Chicken Adobo–Happiness on a Plate
In my experience, Filipinos seem be among the happiest people on the planet. Despite widespread poverty that forces many to take work overseas in order to support their extended families back home, it’s rare that you’ll come across a Filipino who doesn’t have an infectious smile and giggle always at the ready. I suspect that one reason for their happiness may be chicken adobo. It’s one of the Philippines’ great contributions to the culinary world. It’s incredibly simple to make, inexpensive, and hauntingly delicious–or as they say in Tagalog, “galing galing!” Try and say that five times without chuckling.
Adobo is essentially a balanced marinade of soy sauce, garlic, bay leaves, black pepper, and vinegar that makes a complex but light and pleasing sauce. Marinate, braise, broil and reduce-you can practice a whole range of cooking techniques with this one dish.
Be sure to make extra–it tastes even better as leftovers that have sat in the cooking sauce for a couple of days. Cold out of the fridge or packed into a lunch, you’ll be glad to have extra on hand.
While Jill and I often advocate buying a whole chicken and using its parts for different purposes–rather than, say, splurging on boneless, skinless breasts–this is one instance where I’ll allow- and even encourage you to just use legs and thighs. Buy a family pack if your butcher or grocer offers larger quantities at a discount. As I said before, the extra will not go to waste. Chicken legs are inexpensive and work better than breasts in a slow braise. The additional fat and connective tissue in legs helps keep them moist and tender during the longer cooking process. That’s not to say you can’t use a whole, cut-up chicken–just realize the breasts will be a bit on the tough side.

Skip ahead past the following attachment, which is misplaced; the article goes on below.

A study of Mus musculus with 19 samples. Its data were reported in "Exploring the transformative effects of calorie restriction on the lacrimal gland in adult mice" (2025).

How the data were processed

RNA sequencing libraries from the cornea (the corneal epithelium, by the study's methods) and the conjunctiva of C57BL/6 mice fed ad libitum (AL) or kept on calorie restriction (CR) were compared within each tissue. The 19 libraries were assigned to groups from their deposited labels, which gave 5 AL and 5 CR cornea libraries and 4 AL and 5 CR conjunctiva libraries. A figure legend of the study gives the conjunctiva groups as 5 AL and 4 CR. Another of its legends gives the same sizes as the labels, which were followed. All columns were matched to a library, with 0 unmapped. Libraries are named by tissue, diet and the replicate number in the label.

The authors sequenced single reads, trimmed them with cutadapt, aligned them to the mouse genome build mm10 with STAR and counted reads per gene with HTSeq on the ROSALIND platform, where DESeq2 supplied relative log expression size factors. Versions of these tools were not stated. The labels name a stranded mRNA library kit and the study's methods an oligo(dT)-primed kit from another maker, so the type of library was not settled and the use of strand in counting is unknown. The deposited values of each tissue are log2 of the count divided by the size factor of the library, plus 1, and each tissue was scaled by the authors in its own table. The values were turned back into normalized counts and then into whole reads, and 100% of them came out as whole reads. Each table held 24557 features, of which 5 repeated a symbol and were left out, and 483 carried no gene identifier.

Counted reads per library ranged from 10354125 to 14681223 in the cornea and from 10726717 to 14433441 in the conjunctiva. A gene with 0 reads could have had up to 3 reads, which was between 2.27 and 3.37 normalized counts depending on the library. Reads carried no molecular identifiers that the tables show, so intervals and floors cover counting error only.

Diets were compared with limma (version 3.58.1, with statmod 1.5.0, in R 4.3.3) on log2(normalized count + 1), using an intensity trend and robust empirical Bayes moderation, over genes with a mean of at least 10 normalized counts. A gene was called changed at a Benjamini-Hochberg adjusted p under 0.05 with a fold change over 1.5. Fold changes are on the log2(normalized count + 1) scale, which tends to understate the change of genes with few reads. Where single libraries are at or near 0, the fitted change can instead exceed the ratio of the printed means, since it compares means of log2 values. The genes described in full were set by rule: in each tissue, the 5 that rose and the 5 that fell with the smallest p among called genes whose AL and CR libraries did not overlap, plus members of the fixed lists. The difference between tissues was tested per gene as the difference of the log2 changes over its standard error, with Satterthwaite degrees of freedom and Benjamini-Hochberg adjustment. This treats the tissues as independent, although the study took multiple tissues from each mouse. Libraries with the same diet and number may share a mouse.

Furthermore, while I usually advocate the use of whole grains such as brown rice, in this case I am also going to give you a pass to use good old steamed white rice. Its simpler flavor profile works well to sop up the sauce from the chicken. Go on, be naughty. Stir fry some green beans–or Chinese long beans if you can find them–with some garlic and ginger, or make a simple stir-fry of whatever you have lurking in your crisper drawer. Don’t stress over the vegetable side though; it’s the adobo and rice that are really going to be the showcase of this meal.
For the marinade
1/2 cup vinegar–cider, rice, or white
1/4 cup soy sauce (I like low-sodium)
2 tablespoons minced garlic
2-3 bay leaves
1/2 teaspoons freshly ground pepper
4 whole chicken legs, divided into drumsticks and thighs Look for the sweet spot in the middle of the joint that will release under the pressure of your knife and cut.
Make the marinade
- Combine marinade ingredients in a bowl.
- Place chicken legs into a large plastic storage bag that’s just large enough to fit everything snugly. Add the marinade, press out excess air, and seal the bag. Marinate in refrigerator for 2-3 hours.
Cook the chicken
- Preheat the oven to 400 degrees.
- Place the chicken in non-reactive baking dish or ovenproof skillet. Bake for 45 minutes.
- Remove the chicken from the baking dish, collecting the sauce in a Pyrex measuring cup. Allow the sauce to cool to cause the fat to separate and rise to the top of the sauce, then skim the fat off.
- Reduce the sauce by about 1/3 on the stovetop. Remove the bay leaves. The cooking juices from the chicken will have diluted the sauce a bit–but also made it more tasty!
Finish the chicken
- Fifteen minutes before serving, preheat the broiler.
- Broil the chicken on an aluminum foil-covered sheet for 5 minutes or until skin is browned and crispy.
- Serve the chicken either with the sauce drizzled over top or passed separately.